CLEVELAND (April 23, 2013) – The Cleveland Museum of Art presents Less is More: Minimal Prints, an exhibition of over 50 artworks that examines the avant-garde Minimal Art movement that emerged in America around 1960. The spare style, consisting of single or repeated geometric forms depicted in solid, flat colors, was in stark contrast to the emotive, handmade look of Abstract Expressionist works, popular during the preceding two decades. Influential artists like Sol LeWitt, Ellsworth Kelly, Brice Marden, Donald Judd, Frank Stella and Robert Mangold all embraced this pared-down aesthetic and are featured in the exhibition, along with several others. A variety of printmaking techniques, such as woodcut, etching, aquatint, screenprint and lithograph will be represented. Organized by the Cleveland Museum of Art, the free exhibition will be on view June 16 through October 20, 2013 in the museum’s Prints and Drawings Galleries.
“The thirteen artists included in Less is More: Minimal Prints demonstrate that a geometric style is not necessarily sterile or empty,” said Jane Glaubinger, curator of prints at the Cleveland Museum of Art. “Minimal Art, however reductive, is a personal expression.”
Less is More offers a rare opportunity for visitors to view the light-sensitive works on paper from the museum’s collection. Most of the works have never before been on display and several are recent acquisitions, like Sol LeWitt’s Six Geometric Figures, a series acquired in 2008 in pristine condition. Gifted to the museum in 2008, Rubber Stamp Portfolio, consists of works printed from rubber stamps in 1976 by several artists like LeWitt, Mangold and Agnes Martin, and will be on view for the first time.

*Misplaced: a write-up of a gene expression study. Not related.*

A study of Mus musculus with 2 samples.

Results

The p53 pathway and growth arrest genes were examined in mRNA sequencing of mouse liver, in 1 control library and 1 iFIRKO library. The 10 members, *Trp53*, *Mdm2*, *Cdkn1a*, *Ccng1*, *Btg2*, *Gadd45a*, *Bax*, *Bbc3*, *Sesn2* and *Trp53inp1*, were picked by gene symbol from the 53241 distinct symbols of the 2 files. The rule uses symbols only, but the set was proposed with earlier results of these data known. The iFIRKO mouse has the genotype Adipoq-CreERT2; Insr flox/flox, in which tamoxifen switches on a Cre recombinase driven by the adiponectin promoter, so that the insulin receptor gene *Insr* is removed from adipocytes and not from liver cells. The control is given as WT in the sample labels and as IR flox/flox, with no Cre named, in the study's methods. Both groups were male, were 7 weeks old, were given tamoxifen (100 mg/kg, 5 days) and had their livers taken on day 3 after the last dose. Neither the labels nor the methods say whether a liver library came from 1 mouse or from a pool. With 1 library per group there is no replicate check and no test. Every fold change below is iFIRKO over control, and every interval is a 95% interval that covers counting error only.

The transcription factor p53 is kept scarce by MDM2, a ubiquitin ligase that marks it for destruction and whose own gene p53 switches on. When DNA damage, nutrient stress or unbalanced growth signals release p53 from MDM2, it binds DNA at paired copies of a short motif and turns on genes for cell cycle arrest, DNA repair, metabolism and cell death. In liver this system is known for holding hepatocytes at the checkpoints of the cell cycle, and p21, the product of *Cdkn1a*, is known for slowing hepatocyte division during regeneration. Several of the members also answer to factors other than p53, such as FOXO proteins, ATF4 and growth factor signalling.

The Prints of Ellsworth Kelly
Friday, August 16, 7:00 p.m., Recital Hall. Free.
Richard H. Axsom, curator at the Madison Museum of Contemporary Art, offers an overview of Ellsworth Kelly’s prints and an assessment of their achievement. He suggests the pivotal role they play in the context of Kelly’s art as a whole and how, in regard to Less is More: Minimal Prints, they fit into the minimalist tendencies of the 1960s. Special attention is given to the Rivers project (2002-2005), a lithographic series of three monumental prints and eight state editions. Dr. Axsom has written that in its “conception, manufacture and expressive richness, the Rivers marks an epic achievement in the history of the modern print.”